Maclaren’s coolness inspires Melbourne City into first grand final

Updated: Aug 28, 2020

Melbourne City are into an A-League grand final for the first time, withstanding vast intervals of Western United sustained pressure before a Jamie Maclaren second-half penalty kick goal propelled coach Erick Mombaerts’ side to a 2-0 win at Bankwest Stadium on Wednesday evening.

“It means a lot to us [to make the grand final] as a group. We wanted to achieve something big, and we’ve done that,” said defender Richard Windbichler afterwards.

“With all of the sacrifices and challenges we’ve had in front of us, there is a sense of ‘mission accomplished’ among all of us,” he added.

Western United, into a semi-final in its debut A-League season, made the most out of their presence on the big stage, with their holy trinity of Besart Berisha, Alessandro Diamanti and Max Burgess taking the game on against their much-favoured opponents.

But the combination of Maclaren’s cool-as-a-cucumber mindset from the spot and goalkeeper Tom Glover’s timely saves wound up being the difference in the match – and enough to give Melbourne City a history-making title-match berth on Sunday night, where they will face Sydney FC, who were 2-0 winners in Wednesday night’s other semi-final against Perth Glory.

“It’s a relief. We’ve been playing hard all season, and it’s nice to get a reward for all of our hard work,” said Glover afterwards.

“We now get a chance to go to ‘the big dance’ on Sunday, and hopefully take it out,” he added.

After an initial quarter-hour of the two teams feeling each other out, video review came into play in the 18th minute on the first bonafide chance of the match, and as it revealed Melbourne City’s Lachie Wales to be a step offside, what would have otherwise been the opening goal of the match off the foot of Maclaren was wiped out.

Meanwhile, Glover saved his side’s blushes on a couple of first-half instances to maintain the scoreless situation.

In the 23rd minute, Josh Risden fired firmly from the top of the penalty area from a Diamanti corner, but Glover was equal to the task, saving it with a short dive to his left.

Burgess also tested Glover to the same post as Risden did in the 38th minute – but as these may not have been signs that Western United were growing in attacking confidence, the maintenance of their defensive posture of four and five players in the back in front of Filip Kurto continued to frustrate Melbourne City’s attacking prowess.

Whereas Mombaerts had said the day before that the secret to breaking down Western United’s defensive shape was to play the ball quicker upfield, his side was failing to accomplish that – and this was where the western Melburnians were gaining their strength.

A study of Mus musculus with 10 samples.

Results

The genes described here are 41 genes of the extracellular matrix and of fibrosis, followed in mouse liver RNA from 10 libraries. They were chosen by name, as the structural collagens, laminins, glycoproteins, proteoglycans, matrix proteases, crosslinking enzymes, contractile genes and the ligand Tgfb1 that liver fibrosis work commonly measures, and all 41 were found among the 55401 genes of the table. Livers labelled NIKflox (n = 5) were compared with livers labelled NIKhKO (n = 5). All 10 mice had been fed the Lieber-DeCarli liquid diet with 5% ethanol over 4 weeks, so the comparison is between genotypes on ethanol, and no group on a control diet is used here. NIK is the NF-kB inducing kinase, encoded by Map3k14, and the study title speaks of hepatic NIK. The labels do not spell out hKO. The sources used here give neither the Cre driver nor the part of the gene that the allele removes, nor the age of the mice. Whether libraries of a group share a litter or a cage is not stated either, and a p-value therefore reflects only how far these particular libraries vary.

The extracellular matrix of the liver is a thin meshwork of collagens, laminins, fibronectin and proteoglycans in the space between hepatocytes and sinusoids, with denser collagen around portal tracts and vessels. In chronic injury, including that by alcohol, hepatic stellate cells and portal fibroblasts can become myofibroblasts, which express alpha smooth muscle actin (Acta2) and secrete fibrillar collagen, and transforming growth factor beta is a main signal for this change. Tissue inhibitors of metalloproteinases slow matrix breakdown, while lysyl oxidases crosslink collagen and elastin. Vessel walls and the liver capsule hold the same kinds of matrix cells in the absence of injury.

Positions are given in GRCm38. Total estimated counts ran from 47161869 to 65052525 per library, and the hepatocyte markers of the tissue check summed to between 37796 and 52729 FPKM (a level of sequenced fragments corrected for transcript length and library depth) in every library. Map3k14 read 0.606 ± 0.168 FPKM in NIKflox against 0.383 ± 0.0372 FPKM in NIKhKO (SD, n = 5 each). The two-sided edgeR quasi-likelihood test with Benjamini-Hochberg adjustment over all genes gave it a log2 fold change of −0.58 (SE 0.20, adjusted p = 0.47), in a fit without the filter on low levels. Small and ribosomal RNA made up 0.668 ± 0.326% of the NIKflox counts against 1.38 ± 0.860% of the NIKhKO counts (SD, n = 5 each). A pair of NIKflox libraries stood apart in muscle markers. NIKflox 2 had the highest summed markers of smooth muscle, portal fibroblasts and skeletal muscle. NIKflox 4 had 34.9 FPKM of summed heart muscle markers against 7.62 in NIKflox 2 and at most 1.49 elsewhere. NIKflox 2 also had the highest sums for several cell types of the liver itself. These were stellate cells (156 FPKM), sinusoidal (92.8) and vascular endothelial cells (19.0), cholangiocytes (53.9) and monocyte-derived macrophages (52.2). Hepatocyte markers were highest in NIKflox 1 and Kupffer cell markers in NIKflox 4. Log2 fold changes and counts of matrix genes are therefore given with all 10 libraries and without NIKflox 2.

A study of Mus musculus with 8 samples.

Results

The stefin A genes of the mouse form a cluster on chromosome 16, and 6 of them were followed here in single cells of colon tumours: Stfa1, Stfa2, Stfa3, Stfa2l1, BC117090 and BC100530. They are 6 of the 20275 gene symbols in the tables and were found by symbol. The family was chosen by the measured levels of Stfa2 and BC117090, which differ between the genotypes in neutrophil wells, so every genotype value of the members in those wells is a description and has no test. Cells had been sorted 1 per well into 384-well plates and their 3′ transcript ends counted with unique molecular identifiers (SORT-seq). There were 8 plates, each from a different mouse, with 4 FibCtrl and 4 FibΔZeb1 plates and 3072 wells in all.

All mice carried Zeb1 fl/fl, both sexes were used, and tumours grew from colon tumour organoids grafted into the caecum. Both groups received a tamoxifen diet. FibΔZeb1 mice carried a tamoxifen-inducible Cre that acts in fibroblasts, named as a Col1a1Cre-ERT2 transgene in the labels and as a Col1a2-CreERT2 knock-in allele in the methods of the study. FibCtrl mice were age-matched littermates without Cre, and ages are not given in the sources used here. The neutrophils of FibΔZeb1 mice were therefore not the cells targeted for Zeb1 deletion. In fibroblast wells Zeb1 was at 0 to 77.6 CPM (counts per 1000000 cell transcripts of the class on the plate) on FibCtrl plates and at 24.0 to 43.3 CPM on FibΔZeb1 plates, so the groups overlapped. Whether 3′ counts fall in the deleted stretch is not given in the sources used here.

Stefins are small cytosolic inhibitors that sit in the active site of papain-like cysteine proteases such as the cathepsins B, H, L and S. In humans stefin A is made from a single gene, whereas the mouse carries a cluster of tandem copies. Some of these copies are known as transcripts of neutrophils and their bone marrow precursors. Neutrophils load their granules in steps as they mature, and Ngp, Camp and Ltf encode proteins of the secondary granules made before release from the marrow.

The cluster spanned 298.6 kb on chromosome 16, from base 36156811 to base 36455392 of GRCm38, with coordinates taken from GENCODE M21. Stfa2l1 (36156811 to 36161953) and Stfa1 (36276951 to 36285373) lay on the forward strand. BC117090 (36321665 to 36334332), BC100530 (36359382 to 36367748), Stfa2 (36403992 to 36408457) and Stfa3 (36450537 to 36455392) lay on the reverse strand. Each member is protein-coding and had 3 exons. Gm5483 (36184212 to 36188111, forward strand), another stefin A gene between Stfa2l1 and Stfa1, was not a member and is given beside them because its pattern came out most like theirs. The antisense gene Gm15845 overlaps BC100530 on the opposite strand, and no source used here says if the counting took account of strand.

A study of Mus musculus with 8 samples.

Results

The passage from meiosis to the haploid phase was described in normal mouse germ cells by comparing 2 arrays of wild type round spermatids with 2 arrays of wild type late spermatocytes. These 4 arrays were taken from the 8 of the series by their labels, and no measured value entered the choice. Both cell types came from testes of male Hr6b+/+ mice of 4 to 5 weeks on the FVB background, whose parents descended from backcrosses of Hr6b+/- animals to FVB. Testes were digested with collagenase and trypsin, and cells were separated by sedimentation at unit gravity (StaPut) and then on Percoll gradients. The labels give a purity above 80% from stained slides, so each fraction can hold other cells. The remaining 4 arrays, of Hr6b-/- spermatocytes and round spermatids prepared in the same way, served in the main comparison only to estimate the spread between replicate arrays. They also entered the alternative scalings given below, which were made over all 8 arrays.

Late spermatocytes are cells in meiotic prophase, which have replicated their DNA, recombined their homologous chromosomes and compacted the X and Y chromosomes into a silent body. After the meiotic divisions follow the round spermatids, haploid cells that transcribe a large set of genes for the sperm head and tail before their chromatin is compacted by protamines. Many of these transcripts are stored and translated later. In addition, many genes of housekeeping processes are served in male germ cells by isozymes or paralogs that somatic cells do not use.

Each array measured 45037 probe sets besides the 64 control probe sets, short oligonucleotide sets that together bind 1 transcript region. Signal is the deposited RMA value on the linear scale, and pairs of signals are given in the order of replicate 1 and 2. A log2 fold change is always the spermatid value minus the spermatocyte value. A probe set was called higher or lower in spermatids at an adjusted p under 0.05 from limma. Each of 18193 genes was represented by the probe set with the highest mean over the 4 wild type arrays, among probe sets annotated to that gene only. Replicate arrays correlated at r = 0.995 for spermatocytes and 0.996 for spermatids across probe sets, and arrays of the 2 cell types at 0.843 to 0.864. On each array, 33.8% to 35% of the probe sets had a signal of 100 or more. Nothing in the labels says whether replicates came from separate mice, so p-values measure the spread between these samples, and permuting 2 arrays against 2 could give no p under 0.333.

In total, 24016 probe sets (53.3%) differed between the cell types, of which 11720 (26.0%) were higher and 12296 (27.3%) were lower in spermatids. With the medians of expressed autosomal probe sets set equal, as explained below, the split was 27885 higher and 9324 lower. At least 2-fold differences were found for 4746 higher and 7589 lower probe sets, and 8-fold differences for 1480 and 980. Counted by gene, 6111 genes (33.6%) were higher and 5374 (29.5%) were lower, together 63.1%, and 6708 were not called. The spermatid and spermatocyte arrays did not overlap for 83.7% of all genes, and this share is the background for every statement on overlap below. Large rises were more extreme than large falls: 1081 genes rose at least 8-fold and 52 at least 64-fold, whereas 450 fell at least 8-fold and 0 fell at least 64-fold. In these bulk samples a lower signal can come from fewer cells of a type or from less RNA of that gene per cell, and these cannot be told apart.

The teams going into the changerooms scoreless at the break turned out to be an advantage for Western United, as their counter-attacking tactics continued to keep Melbourne City on the back foot and take them off dictating the style of attacking-first play which they are normally accustomed to playing.

Limiting chances for Maclaren up front and Florin Berenguer in the middle and relegating Melbourne City’s best attacking options to Wales on the right-hand flank were also working out well for Western United.

And the longer the game was to go on scoreless, the greater the upstarts from the Wyndham shire were to grow in confidence – and if there was ever a time where belief exists as an intangible element to win big football matches, this was it as the match approached the hour mark.

And Lustica brought another close-range save out of Glover in the 58th minute, at the end of a brilliant spell of Western United possession – and with that, their confidence in attack was matching their resolve in defence.

“He [Lustica] was free at the back post, and luck was on my side,” said Glover.

But all of Western United’s hard work came undone in the 66th minute when Maclaren won a penalty kick when Aaron Calver clipped the Golden Boot winner from the rear of his left ankle.

Kurto guessed correctly to his right, but the pace of Maclaren’s spot kick was too much for the Western United goalkeeper to contend with – and with Maclaren’s seventh goal against Western United for the season, Melbourne City got the vital breakthrough.

If Melbourne City were 20 minutes away from a grand final by leading from a bare minimum of quality chances, Western United’s underdog role was now being tested as much as ever. However, the goal brought Melbourne City to life, and they assumed a greater edge in their attacking play.

Meanwhile, the goal also appeared to deflate Western United’s challenge – and when Richard Windbichler came up from the back to lend enough of a presence from a Craig Noone corner for Timoki Imai to inadvertently head into his own goal six minutes from time, their Cinderella story was a good as over, and Melbourne City’s season of promise of a grand final appearance was becoming a reality.

In the end, Maclaren paid credit to the quality of the challenge that Western United gave Melbourne City, and one which wound up motivating Melbourne City after halftime.

"Credit to Western United -- they were fantastic in the first half, and found a way to get us to stop playing the way we wanted to," said Maclaren.

"The adrenaline kicks in once you get that goal in front, and we threw ourselves into it from there," Maclaren added.

“We were told not to get frustrated. They had their chances, and we know we had chances of our own, and ‘Macca’ stood strong when it mattered,” said Glover.